American Psychological Foundation
In 1996, psychologist Joseph Evans, PhD, and members of his staff at the University of Nebraska Medical Center began accompanying medical geneticists on regular trips to rural Nebraska communities, providing behavioral health services to children and families. He quickly discovered the need was much greater than quarterly sessions with a psychologist could fill.
"Every three months going to see a family who had behavioral problems was not adequate, and there was no one in the rural areas to refer parents to," says Evans, director of psychology at the Munroe-Meyer Institute at the University of Nebraska Medical Center in Omaha.
Evans sought to fill that need. Armed with funding from a variety of sources including the Health Resources and Services Administration Graduate Psychology Education Program, Evans created a network of 14 integrated behavioral health clinics that serve 225 rural communities that previously had little access to child and adolescent mental health care. (The Graduate Psychology Program, which provides funding to accredited graduate programs of psychology, is an ongoing legislative initiative of APA's Education Directorate.) For these efforts, Evans won the $50,000 2008 APF Cummings PSYCHE prize, which recognizes people who have expanded the role of psychologists in primary-care settings. Nicholas Cummings, PhD, and his wife Dorothy established this prize through the Cummings Foundation; the Cummings will endow the prize with a $1 million bequest.
Each clinic in Evans's network is staffed by a pediatric psychologist, as well as interns and postdocs, who assist parents and children with a wide range of behavioral problems, including autism, depression, attention deficit hyperactivity disorder and truancy. The psychologists work alongside pediatricians and family medicine physicians, who benefit from having behavioral health experts in their practices, says Evans. Physicians spend about 20 extra minutes with patients who come in with a behavioral problem, so it's more efficient and effective to refer those patients to in-house behavioral health experts, he notes.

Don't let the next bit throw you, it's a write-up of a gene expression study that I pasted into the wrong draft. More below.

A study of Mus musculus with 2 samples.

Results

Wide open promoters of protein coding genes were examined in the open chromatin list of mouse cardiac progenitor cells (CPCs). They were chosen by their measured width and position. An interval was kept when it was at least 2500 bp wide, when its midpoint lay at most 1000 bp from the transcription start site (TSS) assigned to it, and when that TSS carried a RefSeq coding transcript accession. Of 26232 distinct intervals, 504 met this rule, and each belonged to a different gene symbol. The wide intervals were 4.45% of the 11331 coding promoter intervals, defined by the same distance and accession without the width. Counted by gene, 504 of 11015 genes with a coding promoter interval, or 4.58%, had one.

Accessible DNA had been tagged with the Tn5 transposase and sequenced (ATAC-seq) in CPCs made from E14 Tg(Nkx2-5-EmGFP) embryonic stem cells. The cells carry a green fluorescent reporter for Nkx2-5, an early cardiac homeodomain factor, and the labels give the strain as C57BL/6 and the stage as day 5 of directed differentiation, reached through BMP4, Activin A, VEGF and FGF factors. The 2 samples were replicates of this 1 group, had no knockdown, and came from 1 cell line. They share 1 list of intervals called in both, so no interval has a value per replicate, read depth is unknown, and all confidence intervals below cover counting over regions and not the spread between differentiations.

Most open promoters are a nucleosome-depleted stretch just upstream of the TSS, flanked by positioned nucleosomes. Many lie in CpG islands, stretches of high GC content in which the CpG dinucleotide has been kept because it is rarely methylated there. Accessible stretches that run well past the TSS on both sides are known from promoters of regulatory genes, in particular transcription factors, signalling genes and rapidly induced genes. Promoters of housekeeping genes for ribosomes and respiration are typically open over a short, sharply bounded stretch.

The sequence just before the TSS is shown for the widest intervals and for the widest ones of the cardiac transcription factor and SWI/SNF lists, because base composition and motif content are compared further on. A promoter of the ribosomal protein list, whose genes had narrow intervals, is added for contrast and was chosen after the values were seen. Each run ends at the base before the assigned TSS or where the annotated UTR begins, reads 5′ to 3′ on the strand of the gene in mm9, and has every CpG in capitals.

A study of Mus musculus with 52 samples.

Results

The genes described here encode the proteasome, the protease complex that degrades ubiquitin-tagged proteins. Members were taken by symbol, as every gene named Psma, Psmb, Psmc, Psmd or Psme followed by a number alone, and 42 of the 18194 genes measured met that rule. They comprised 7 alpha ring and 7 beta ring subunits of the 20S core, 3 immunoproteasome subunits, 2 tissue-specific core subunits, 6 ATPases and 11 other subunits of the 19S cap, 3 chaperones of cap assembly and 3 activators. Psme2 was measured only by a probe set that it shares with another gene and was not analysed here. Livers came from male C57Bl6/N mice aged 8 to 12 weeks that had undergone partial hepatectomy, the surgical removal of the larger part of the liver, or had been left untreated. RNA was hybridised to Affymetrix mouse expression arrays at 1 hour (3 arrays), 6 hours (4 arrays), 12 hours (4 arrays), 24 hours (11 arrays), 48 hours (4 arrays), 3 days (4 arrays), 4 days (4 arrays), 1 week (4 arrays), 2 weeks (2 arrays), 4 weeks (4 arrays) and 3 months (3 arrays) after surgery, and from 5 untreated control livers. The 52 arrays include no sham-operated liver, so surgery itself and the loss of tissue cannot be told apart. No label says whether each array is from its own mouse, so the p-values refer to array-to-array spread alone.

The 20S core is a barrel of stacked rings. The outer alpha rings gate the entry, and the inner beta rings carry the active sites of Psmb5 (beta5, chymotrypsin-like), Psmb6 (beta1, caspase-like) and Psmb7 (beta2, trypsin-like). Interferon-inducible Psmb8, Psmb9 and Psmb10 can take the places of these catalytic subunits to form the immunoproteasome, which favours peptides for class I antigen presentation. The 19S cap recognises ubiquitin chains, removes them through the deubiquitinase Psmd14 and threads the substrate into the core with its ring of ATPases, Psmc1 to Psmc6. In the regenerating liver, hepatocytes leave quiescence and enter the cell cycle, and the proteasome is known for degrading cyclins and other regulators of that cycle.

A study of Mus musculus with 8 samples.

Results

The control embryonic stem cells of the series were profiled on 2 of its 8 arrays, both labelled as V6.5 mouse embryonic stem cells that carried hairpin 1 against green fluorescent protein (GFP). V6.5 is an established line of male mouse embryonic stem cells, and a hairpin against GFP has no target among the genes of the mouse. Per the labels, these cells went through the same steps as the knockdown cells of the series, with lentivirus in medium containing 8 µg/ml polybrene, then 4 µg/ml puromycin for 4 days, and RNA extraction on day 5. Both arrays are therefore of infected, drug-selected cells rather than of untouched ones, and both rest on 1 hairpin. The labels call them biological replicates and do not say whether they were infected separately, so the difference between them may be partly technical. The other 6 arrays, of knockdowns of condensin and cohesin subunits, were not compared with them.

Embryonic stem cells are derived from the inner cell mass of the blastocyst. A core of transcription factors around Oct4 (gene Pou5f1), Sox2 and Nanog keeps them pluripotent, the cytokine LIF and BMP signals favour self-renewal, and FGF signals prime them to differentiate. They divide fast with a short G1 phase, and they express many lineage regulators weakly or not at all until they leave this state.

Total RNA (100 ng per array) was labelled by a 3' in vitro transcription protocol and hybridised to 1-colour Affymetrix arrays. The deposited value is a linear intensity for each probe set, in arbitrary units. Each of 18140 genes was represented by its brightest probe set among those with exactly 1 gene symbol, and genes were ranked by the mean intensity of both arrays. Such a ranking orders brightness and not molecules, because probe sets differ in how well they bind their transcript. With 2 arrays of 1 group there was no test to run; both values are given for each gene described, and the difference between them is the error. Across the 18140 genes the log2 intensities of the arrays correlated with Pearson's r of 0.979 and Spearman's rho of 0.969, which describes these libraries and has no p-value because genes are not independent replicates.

"They can turn some of those cases over to us, and it's economically better for them as well as for their patients and for their practices," says Evans.
Seeing a psychologist at the physician's office also allows parents to avoid any stigma that may come from having a child with a mental health problem, he adds.
When they're not consulting directly with families, the psychologists at Evans's centers provide community outreach, consulting with autism parent support groups and serving local teen-pregnancy prevention committees, for example.
"We try to train people to be generalists," he notes. "In these rural areas, you have to deal with every behavioral problem that comes in the door."